While Washington and the Mid-Atlantic area are still recovering from the recent storms that brought hurricane-force winds to the area, NAB President/CEO Gordon Smith says the aftermath highlights the need to embed FM chips in cellphones and other mobile devices.
In fact, FCC Chairman Julius Genachowski is organizing a meeting to include broadcasters and wireless industry representatives on the topic for July 20.
In a letter to the chairman thanking him for scheduling meeting on the issue with broadcasters and wireless industry representatives, Smith says the “catastrophic” storms caused massive power outages from Ohio to the Washington metro and left tens of thousands of people without cellphone, landline and Internet connections during and immediately after the storms.
The situation allowed radio and TV to fill a communications void with timely reporting during the crisis, writes Smith, who notes that Washington’s all-news radio stations Hubbard’s WTOP(FM) and CBS Radio’s WNEW(FM) dedicated considerable resources to get vital information to listeners.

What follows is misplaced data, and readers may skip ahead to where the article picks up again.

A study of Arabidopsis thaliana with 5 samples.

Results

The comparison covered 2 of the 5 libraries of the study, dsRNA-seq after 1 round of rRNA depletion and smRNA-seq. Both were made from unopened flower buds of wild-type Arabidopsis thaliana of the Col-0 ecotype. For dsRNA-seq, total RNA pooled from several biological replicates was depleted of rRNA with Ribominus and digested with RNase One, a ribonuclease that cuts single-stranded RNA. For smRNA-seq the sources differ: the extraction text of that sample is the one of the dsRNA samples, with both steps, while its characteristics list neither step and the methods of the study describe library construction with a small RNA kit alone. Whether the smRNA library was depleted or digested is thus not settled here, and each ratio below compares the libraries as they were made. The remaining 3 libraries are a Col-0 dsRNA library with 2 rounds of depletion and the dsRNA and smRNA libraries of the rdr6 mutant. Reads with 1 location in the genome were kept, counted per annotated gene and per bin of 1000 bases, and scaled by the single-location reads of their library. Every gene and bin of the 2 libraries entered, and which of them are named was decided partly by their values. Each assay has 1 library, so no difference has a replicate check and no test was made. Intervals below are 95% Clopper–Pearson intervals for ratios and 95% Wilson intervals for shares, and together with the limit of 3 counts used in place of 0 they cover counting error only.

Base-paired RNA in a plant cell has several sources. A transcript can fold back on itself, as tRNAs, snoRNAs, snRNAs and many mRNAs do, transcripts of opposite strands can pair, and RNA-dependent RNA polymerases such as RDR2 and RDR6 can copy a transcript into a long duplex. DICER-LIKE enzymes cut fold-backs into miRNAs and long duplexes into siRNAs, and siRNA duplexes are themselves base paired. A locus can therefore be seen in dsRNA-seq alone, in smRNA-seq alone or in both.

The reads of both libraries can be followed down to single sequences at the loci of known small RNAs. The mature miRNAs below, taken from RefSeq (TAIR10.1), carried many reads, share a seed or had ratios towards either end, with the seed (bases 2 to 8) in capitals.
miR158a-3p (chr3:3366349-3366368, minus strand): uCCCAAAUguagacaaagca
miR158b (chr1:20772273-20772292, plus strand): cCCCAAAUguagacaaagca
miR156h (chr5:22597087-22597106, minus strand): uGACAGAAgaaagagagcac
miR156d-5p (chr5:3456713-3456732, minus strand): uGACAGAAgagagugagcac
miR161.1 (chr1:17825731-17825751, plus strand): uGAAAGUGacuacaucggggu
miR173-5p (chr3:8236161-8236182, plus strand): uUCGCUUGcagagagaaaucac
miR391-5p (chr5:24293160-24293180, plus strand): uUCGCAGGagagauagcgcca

“Local radio stations are creatively engaging audiences on multiple platforms — including social media outlets like Twitter — to keep D.C. area residents informed,” according to Smith.
The NAB recently told Congress and now it’s telling the FCC that broadcasters believe the time is right for a serious discussion about the voluntary activation or embedding of FM chips in cellphones and other devices.
The weather emergency highlights that broadcasters’ so-called one-to-everyone “transmission architecture delivers a robust and reliable signal to hundreds of thousands of people simultaneously, with little or no risk of a service disruption,” writes Smith.
Some 50-some cellphone models sold in the U.S., out of many more models sold worldwide, have active FM chips. The association that represents the wireless companies as well as the Consumer Electronics Association have resisted the push, saying there is no huge consumer demand for the feature in this country.
Smith counters that thereisdemand and the cost associated with activating FM chips already in cellphones or embedding them in new models is minimal.
“In a time of deadly tornadoes, hurricanes, and wildfires, it just makes common sense to include a local, over-the-air radio feature in as many mobile devices as possible,” writes Smith.